Infant & Toddler Care
Infants and toddlers are least likely to get help paying for childcare
Between birth and three, babies’ and toddlers’ brain development is rapid and children are gaining many critical skills. More than 80% of brain growth occurs before a kid’s third birthday. Disparities for poor children begin to emerge in this period, and quality early care helps reduce these developmental gaps. But California isn’t meeting the need for affordable child care. Currently our subsidies cover as little as 55% of the cost of care.
Access: Nearly half of California’s infants and toddlers are from families struggling to make ends meet and who rely on a variety of child care options. Currently, the majority of child care requests are for kids three and under. Yet, even with recent increases, state spending on infant and toddler care has decreased by 30% since the recession.
Affordability: Infant and toddler care is more expensive than preschool. Child care can eat up over half of a minimum wage salary, but California only provides subsidies to nine percent of eligible babies and toddlers.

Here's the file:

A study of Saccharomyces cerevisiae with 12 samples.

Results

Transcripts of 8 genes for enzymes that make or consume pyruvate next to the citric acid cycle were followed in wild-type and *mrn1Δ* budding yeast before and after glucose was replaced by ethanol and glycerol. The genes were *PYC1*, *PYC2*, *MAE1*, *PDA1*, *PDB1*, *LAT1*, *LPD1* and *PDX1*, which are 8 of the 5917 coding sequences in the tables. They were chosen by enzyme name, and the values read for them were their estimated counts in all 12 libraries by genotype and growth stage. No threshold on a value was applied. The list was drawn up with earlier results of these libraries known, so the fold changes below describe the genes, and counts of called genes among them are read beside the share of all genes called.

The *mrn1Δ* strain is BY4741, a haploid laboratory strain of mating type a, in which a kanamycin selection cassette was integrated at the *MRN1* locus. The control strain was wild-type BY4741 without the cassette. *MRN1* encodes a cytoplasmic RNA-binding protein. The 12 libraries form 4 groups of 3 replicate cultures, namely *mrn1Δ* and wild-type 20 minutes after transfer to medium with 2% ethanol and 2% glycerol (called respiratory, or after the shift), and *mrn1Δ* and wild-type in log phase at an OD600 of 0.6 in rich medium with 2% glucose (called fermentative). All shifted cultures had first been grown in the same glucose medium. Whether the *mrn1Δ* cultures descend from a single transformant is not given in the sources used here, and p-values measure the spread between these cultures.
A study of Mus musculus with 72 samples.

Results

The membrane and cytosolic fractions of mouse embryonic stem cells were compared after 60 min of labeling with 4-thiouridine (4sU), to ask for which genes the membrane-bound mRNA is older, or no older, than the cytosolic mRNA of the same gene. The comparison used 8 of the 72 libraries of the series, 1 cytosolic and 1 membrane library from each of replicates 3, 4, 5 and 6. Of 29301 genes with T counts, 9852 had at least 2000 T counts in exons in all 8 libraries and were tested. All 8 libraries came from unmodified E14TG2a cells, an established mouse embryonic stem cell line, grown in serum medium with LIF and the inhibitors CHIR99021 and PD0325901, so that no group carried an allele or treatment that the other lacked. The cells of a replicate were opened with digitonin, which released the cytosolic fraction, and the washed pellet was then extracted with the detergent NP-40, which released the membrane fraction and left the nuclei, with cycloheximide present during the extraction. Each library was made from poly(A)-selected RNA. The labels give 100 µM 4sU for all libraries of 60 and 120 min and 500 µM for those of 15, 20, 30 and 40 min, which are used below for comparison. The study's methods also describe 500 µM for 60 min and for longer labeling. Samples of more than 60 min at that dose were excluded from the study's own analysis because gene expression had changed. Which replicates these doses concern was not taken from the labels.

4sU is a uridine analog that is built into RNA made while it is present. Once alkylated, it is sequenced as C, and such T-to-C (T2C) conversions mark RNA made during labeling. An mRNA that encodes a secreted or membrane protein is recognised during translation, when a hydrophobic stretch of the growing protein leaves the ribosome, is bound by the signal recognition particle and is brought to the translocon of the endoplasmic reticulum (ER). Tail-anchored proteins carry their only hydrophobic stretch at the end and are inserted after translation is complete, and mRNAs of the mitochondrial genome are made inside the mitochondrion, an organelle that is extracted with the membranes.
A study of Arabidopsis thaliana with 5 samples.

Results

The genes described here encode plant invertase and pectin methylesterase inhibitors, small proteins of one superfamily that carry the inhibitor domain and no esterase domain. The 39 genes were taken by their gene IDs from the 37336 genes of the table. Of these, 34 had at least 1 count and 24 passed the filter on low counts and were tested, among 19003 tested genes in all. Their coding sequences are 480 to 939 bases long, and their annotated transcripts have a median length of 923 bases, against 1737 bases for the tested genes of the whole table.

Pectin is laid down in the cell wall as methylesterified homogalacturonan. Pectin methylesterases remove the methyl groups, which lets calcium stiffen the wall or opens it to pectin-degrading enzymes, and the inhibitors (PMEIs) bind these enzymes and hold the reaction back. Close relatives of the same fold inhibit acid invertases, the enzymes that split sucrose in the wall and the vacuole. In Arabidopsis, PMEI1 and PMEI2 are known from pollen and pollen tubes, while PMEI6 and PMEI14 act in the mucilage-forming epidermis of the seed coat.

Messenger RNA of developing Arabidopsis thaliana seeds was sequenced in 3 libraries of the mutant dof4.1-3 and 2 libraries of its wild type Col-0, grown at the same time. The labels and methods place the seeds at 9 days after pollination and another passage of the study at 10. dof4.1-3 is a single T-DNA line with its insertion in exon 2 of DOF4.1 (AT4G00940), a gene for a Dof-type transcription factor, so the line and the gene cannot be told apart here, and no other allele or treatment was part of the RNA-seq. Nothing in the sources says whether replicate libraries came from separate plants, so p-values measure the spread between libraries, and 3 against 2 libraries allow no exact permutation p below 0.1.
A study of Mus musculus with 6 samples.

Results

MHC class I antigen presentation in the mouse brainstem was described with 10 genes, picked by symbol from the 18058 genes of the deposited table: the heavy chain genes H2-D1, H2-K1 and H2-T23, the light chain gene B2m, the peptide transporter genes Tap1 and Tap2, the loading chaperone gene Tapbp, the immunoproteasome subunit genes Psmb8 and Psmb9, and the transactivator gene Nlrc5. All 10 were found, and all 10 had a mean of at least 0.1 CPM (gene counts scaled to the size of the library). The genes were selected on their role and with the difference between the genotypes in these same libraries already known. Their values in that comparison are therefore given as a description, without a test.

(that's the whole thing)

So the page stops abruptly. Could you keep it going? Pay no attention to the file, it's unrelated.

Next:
Quality: The quality of infant and toddler care can vary. In some cases the state sets very minimal or no standards. Studies find that the younger a child, the less the caregiver is paid, regardless of their qualifications. This makes it hard to maintain caregiver continuity, which is vital to the quality care kids need.
Pro-Kid® Policy Agenda
California should help more families access high-quality, safe, reliable and enriching child care in a variety of settings for children ages birth to three and ensure our state’s children, parents and caregivers are connected to community-based family supports and services.
After years of budget cuts that ended infant and toddler child care subsidies for many struggling families, California is taking small but important steps toward improving access and ensuring affordable, quality care for the families that need it most. Currently, over 30,000 infants and toddlers are enrolled in a subsidized program. Soon an additional 7,000 new slots will be prioritized for infants and toddlers, and provider reimbursement rates will increase. But this still leaves the majority of the over 300,000 eligible kids without subsidies. The state has also dedicated one-time funding for improving program quality and increased funding for infants and toddlers with exceptional needs in early care and education settings. In addition, federal investments are helping Early Head Start programs in California expand services to pregnant women, children birth to three and their families, who are living in poverty.